By Thomas Sellers Jr.
In order to have a field of dreams, a baseball player needs a field.
Back on March 16, all the student/athletes involved in TSSAA baseball could only play the waiting game in hopes of having a return to the diamond in 2020.
Close to home at Tipton-Rosemark Academy, a pair of Rebel seniors kept a close ear to what decisions were coming down from Murfreesboro and Nashville about the future of schools and the season.
Jonah Van Kampen and Jacob Dodson had carved out solid careers for TRA under the guidance of Head Coach Brad Smith. And the 2020 season was going to be another audition for the seniors to impress college skippers and try to earn that elusive State title for the Rebels.
But the ultimate winner of the 2020 season was COVID-19/coronavirus. The pandemic led to Tennessee Secondary School Athletic Association canceling all spring sports and all other remaining events in the 2019-20 school year. That decision also included the postponement of the BlueCross Basketball Championships.
Now the dreams of Van Kampen, Dodson and other members of the Class of 2020 across the state of reaching the college level have a major setback.
“I’m definitely disappointed that sports and school have been canceled,” Van Kampen said. “I completely understand why, but it’s disappointing to not be able to finish my senior year and to miss my senior baseball season.”
Dodson said the way his high school baseball career came to an end is hard to take.
“ It is heartbreaking to know that I will not be able to play my senior season which I have been looking forward to for a long time,” he said.
Dodson, the son of Tim and Jerra Dodson, has enjoyed his time at TRA participating in the Student Council and Links of Love Leadership Team. But his claim to fame on campus was being a standout baseball player.
After the opening week and gaining momentum, Dodson and his teammates felt the shock waves of COVID-19.
“There have been a lot of unanswered questions on why things are like they are,” Dodson acknowledged. “But I have tried to stay positive and trust God’s plan through every situation.”
Since March 16, Van Kampen battled his doubts and fears with action.
“Since we first got delayed on March 16, I focused on the things I could control like keeping myself in baseball shape,” he recalled. “I tried not to worry about whether or not we’d be able to continue our season because I knew it was out of my control.”
Things Van Kampen controlled during his time at TRA were playing football and being a members of student council, National Honor Society, Links of Love Leadership Team, and Beta Club.
The son of Ken and Carrie Van Kampen drew on his faith to remain strong during the time away from the field and campus.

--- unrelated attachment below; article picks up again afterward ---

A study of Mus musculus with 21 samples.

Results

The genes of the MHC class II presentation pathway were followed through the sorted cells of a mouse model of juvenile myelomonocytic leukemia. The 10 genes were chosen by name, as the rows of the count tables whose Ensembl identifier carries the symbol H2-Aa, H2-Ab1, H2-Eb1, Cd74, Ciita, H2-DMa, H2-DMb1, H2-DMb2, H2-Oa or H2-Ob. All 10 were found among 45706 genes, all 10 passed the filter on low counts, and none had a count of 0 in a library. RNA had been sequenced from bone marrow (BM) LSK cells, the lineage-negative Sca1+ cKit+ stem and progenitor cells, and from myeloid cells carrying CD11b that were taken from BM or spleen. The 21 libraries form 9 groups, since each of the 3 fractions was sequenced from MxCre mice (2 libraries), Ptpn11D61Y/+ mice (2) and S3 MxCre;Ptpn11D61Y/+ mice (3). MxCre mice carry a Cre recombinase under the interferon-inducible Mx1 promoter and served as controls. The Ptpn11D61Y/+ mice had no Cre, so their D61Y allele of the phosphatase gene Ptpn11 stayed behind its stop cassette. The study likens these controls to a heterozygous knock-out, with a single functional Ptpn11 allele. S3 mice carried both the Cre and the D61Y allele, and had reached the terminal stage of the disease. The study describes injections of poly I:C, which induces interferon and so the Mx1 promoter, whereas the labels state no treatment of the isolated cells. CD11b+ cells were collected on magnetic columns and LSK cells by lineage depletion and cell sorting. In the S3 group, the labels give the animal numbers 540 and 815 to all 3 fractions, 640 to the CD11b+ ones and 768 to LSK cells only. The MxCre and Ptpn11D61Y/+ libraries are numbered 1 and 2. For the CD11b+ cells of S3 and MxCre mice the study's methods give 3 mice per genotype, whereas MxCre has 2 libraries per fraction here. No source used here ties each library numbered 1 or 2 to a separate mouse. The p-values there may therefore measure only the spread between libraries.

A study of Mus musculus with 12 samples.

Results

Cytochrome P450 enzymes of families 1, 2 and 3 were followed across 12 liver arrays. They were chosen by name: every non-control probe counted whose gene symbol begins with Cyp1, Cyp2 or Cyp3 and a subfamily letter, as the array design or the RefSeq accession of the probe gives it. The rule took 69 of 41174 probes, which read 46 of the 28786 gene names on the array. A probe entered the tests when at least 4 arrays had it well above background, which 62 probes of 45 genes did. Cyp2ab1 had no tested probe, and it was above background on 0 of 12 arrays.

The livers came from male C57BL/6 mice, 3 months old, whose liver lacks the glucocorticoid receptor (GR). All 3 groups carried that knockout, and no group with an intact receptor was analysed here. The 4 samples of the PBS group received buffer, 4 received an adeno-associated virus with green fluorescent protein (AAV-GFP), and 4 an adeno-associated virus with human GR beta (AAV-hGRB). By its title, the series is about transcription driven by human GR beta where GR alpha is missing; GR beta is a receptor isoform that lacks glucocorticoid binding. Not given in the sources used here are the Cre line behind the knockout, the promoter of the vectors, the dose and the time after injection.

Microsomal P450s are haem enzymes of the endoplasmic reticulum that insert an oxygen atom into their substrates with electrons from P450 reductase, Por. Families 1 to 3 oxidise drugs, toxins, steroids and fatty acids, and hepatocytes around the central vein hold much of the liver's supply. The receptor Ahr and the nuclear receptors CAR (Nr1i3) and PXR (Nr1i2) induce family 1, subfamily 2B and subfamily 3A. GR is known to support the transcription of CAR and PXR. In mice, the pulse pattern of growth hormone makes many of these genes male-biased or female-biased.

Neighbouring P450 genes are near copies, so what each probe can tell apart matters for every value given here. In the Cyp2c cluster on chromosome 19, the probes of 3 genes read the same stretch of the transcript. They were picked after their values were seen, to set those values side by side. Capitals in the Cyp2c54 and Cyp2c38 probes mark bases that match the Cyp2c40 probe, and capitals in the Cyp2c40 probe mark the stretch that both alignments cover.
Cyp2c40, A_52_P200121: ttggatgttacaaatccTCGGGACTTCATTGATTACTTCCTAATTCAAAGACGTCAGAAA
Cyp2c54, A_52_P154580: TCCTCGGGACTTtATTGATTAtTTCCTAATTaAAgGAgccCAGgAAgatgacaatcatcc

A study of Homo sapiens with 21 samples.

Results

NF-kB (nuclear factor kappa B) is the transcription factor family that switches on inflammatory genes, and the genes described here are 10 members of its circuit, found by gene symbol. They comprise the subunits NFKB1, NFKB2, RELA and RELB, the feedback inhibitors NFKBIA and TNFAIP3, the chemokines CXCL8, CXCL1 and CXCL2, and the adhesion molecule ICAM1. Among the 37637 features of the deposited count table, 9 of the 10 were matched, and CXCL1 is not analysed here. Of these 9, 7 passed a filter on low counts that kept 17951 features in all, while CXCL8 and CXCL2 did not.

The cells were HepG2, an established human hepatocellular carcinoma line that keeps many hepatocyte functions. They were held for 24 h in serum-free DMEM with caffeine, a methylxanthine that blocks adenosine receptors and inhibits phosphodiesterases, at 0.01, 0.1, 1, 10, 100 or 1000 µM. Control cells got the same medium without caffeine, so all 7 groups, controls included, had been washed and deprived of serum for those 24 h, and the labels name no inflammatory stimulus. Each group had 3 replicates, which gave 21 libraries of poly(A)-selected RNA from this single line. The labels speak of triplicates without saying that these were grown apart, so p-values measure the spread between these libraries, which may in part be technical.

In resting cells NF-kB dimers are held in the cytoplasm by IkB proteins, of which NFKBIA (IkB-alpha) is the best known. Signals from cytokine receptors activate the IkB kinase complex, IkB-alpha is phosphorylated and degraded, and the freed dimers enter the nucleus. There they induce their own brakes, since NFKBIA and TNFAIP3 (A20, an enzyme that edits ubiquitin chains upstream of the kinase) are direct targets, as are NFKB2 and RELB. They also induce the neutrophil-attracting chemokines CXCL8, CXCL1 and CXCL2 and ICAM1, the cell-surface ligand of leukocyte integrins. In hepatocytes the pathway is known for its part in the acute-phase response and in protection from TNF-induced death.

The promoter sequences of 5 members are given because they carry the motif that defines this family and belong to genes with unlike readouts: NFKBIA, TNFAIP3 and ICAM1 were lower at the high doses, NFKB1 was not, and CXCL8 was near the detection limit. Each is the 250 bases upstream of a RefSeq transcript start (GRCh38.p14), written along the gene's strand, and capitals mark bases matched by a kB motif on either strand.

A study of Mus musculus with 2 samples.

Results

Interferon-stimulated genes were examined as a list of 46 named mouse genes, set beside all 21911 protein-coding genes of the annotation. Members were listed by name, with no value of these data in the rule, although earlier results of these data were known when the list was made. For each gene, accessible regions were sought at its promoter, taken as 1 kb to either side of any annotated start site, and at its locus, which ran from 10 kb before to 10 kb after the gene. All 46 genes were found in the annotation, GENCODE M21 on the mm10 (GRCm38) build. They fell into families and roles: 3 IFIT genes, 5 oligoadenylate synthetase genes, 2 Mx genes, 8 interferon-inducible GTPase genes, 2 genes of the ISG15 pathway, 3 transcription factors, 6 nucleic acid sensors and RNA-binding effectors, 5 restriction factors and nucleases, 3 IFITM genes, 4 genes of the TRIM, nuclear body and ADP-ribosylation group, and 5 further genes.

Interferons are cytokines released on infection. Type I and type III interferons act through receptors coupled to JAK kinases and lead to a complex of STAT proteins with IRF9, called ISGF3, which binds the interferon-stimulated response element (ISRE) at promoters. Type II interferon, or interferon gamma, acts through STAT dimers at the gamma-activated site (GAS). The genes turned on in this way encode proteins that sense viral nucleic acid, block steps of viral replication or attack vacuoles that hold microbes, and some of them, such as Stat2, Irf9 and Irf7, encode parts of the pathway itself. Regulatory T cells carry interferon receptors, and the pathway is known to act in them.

“I mainly focused on maintaining a positive mindset and keeping myself ready to go in case we could’ve played again,” Van Kampen said. “I missed being on the field with my teammates everyday the most.”
Dodson used the time away from Rebel Field to stay in shape and start looking toward life after Rosemark.
“The thing has been going through my mind is how can I best prepare myself for the next step in my life,” he said. “The thing I miss the most is getting to mess around and spend time with my teammates and coaches.”
Smith spoke highly on his senior class entering the 2020 season and had high hopes for the crew of JT May, Coalter Bridgers, Ethan Petrowski, Logan Jones, Mac Fullen, Tyler Byrd, Dodson and Van Kampen.
“I think our team had some very high expectations coming in to the season,” Van Kampen said. “With that being said we definitely didn’t get out to the best start, so I think we missed out on an opportunity to deal with that adversity early on in the season which would have helped us achieve our goals in May.”
Dodson said the 2020 Rebels had the ability to earn their coach his first golden plaque at TRA.
“I think that deep down we all wanted to win a State championship and we knew that this could have been the year to do it,” he said. “We have now missed out on the opportunity to even get a chance to compete for a championship ring.”
Dodson said a championship ring is an object but his real prize was the peers and men he shared the dugout with over the years.
“The TRA family has shown me a tremendous amount of support and love throughout the years,” he recalled. “I am grateful that I was able to attend a school that has such a close-knit environment where everyone supports everyone.
“I would like to say thank you to every person that has played such a special role in my time at TRA from family, friends, coaches, teammates as well as teachers and staff,” he added.
Van Kampen said Rebel Nation is a true gift in the classroom, in the Dominican Republic, in the gymnasium, the gridiron or the ball field.
“I’d like to say that I’ve been blessed with some of the best coaches, teammates, and supporters anyone could ask for,” he said. “And I can’t thank them enough for all they do for me.”
Now a part of Van Kampen, Dodson and the Class of 2020 legacy will be the coronavirus. Both young men said they learned life lessons from the experience.
“The biggest thing I’ve learned is that you shouldn’t take anything for granted,” Van Kampen concluded. “You never know when something you love is going to be taken from you.”
“I have learned from all of this to not take things for granted and play every game like its my last because at any moment it could be taken away,” Dodson concluded.